With each dismal day, the forlorn child became more despairing of ever seeing her aunt and uncle again. She tried to picture Uncle Henry’s long, equine face and unkempt hair, but found her recollection of him becoming increasingly nebulous, and this made her more disconsolate than ever. In an attempt to cheer herself, she pictured Aunt Em’s glorious smile. How often she’d seen her flash it at her reticent, laconic uncle in an attempt, usually unsuccessful, to break through his stiff barrier of stolid reserve.

She considered writing Aunt Em a letter but immediately dismissed the idea when she realized that her missive had no chance of ever finding a mailbox—assuming, that is, that mailboxes even existed in this crazy place. Oh, how she longed for that bastion of normalcy called Kansas!

At night, in her dim, cell-like bedroom, an anemic overhead light fixture, rather than dilute the gloom, served more to accentuate it by giving it contrast. Its niggardly illumination seemed to mock her, to say, “Look, little girl, this is what brightness is like—when there is any.”

Gradually her fear diminished, only to be supplanted by an endless tedium that was equally horrible, pushing what little was left of her dwindling fortitude to its limit. Her swollen, downcast eyes, drooping mouth, and sallow cheeks rendered her almost unrecognizable, even to Toto.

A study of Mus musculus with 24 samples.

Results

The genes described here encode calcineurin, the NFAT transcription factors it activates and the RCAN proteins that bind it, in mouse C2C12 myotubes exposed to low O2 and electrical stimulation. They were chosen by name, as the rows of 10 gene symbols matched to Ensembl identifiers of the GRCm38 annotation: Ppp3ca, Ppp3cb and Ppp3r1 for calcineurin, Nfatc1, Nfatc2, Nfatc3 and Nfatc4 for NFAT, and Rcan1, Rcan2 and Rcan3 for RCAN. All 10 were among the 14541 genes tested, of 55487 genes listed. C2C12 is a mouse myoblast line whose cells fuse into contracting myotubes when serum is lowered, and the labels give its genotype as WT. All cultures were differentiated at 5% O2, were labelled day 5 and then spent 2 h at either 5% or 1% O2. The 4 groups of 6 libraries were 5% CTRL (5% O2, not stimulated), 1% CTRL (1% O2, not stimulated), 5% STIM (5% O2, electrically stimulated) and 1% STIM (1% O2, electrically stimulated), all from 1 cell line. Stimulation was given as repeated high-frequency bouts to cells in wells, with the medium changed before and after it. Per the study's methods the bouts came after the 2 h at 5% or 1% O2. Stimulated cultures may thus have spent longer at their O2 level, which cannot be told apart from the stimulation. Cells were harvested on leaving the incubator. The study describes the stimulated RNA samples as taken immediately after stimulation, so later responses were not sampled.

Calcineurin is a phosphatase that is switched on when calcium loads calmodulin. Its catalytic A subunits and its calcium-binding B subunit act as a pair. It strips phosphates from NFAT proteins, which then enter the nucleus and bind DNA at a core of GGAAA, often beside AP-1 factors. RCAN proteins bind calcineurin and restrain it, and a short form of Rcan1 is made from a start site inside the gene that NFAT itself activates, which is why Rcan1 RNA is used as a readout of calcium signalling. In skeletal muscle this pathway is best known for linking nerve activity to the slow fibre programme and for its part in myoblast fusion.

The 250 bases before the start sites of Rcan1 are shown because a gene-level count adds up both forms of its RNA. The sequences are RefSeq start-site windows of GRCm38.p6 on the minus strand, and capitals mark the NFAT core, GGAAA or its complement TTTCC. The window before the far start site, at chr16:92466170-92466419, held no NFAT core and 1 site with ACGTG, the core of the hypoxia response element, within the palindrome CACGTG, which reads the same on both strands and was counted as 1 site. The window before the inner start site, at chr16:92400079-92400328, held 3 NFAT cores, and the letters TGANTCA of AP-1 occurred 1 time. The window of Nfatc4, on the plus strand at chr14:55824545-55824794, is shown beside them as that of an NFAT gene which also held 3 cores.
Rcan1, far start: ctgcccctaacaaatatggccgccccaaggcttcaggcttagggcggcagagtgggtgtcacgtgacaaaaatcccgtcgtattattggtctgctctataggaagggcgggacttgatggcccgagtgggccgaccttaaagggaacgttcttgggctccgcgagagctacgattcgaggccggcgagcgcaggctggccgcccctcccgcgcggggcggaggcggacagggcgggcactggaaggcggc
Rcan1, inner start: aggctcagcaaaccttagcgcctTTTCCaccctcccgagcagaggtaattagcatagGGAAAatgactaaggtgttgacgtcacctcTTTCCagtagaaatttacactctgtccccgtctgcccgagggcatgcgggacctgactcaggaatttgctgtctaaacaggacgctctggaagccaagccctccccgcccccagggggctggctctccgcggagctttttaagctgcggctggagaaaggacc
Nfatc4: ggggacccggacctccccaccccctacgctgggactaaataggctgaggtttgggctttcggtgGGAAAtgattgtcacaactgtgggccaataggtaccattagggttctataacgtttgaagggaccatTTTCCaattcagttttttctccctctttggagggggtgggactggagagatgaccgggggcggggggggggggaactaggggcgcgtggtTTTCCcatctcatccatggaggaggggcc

Finding a scrap of paper one day, she imagined it to be a letter from Aunt Em. She composed it in her mind: “Dearest Dorothy, We love and miss you very much. We know where you are and are coming to rescue you. All our love, Aunt Em and Uncle Henry.” Below their names she imagined she saw a string of x’s and o’s representing kisses and hugs. Every day the scrap of paper became another letter, each worded less succinctly and with more x’s and o’s than the previous, but all of the same theme. She carefully stored all these imaginary epistles in a secret drawer in her mind.

Chapter 16 “The Escape”

Meanwhile, the Witch was becoming more and more covetous of Dorothy’s enchanted Silver Shoes. Even forgetting about their wonderful power, the mere ownership of them conferred a certain cachet she found irresistible.

If only she could have them, she thought, her power would reach the acme of its supremacy, exceeding that of even the Great Oz himself! But how to get them…how to get them? The only time Dorothy took them off was when she took a bath. But water was anathema to the Witch, so she didn’t dare go near when the girl bathed. She considered simply asking the child for them, or, failing that, trying to wheedle them out of her, but couldn’t think of any way to broach the subject without sounding humiliatingly supplicatory.

A savage passion now seethed within the Witch.